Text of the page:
Promoting diversity and inclusivity in the workplace: The implications of the proposed amendments to the Employment Equity Act on industry targets

The Employment Equity Amendment Bill (Bill) was passed by Parliament (the National Assembly and National Council of Provinces) on 17 May 2022 and is waiting to be signed into law by the President. The amendments are expected to be effected by 2023.

14 Nov 2022 2 min read Article

At a glance

  • The Employment Equity Amendment Bill has been passed by Parliament and is awaiting the President's signature to become law, expected in 2023.
  • The main objective of the amendments is to empower the Minister of Labour to set employment equity numerical targets for each sector, aiming for equitable representation of historically disadvantaged groups based on race, gender, and disability.
  • Designated employers will be required to align their employment equity plans with the sectoral targets set by the Minister, and compliance will be measured based on meeting those targets. The discretion to deviate from the targets is not clearly addressed in the Bill, but justifiable deviations may be considered in certain circumstances.

The main objective of the amendments introduced by the Bill is to empower the Minister of Labour and Employment (Minister) to, amongst other things, identify and set employment equity numerical targets for each national economic sector. The purpose of the numerical targets is to ensure equitable representation of suitably qualified people from historically disadvantaged groups based on race, gender, and disability at all occupational levels in the workplace. This is provided for in section 15A of the amendments to the Employment Equity Act 55 of 1998 (EEA).

The Bill also seeks to introduce an amendment to section 20 of the EEA, which deals with the preparation and contents of employment equity plans. The amendment seeks to align the designated employer’s employment equity plan  with the sectoral targets set by the Minister.

The Minister will be required to, and prior to implementing the sectoral targets, publish the proposed numerical targets to provide relevant stakeholders an opportunity to comment thereon for a period of 30 days.

Once the numerical targets are finalised and published, designated employers would have toensure that the numerical targets, as reflected in their employment equity plans, are in line with the applicable sectoral targets.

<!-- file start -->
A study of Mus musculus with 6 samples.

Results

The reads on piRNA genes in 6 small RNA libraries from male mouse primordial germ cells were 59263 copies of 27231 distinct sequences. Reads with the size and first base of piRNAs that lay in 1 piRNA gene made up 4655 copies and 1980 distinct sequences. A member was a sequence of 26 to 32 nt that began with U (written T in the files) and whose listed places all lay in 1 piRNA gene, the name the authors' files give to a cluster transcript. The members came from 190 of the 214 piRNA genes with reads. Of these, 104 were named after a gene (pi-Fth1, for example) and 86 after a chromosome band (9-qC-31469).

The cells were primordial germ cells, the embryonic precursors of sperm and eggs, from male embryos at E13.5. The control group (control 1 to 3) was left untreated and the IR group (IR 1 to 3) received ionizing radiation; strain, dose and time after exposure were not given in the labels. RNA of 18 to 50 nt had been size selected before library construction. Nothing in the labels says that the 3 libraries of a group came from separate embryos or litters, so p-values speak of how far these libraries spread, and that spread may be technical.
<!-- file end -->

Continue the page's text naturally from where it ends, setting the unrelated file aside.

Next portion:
Compliance will, therefore, be measured by considering whether a designated employer has met the sectoral targets established by the Minister. This is outlined in terms of the proposed amendment to section 42 of the EEA.

It is unclear from the Bill whether an employer has the discretion to deviate or seek an indulgence from the Minster in instances where it was unable to meet the sectoral numerical targets, despite its various efforts to do so. This may be as a result of a scarcity of skills required within a specific designated group or having no vacancy in which to appoint a person from a designated group to be able to meet its targets.

However, guidance from the prevailing legal position informs that both the formulation and the implementation of the employment equity plan can never render any target – whether determined by an employer or the Minister – a quota. As such, and for example, defined justifiable deviations from the employment equity plan’s numerical target and proof that such deviations were, in fact, applicable can assist employers in justifying, and defending, non-compliance. Likewise, enforcement cannot force an employer to apply numerical targets as quotas lest be faced with a compliance order and ultimate fine.

It remains to be seen how compliance officers and inspectors will approach this in practice pursuant to the amendment being enforced into law.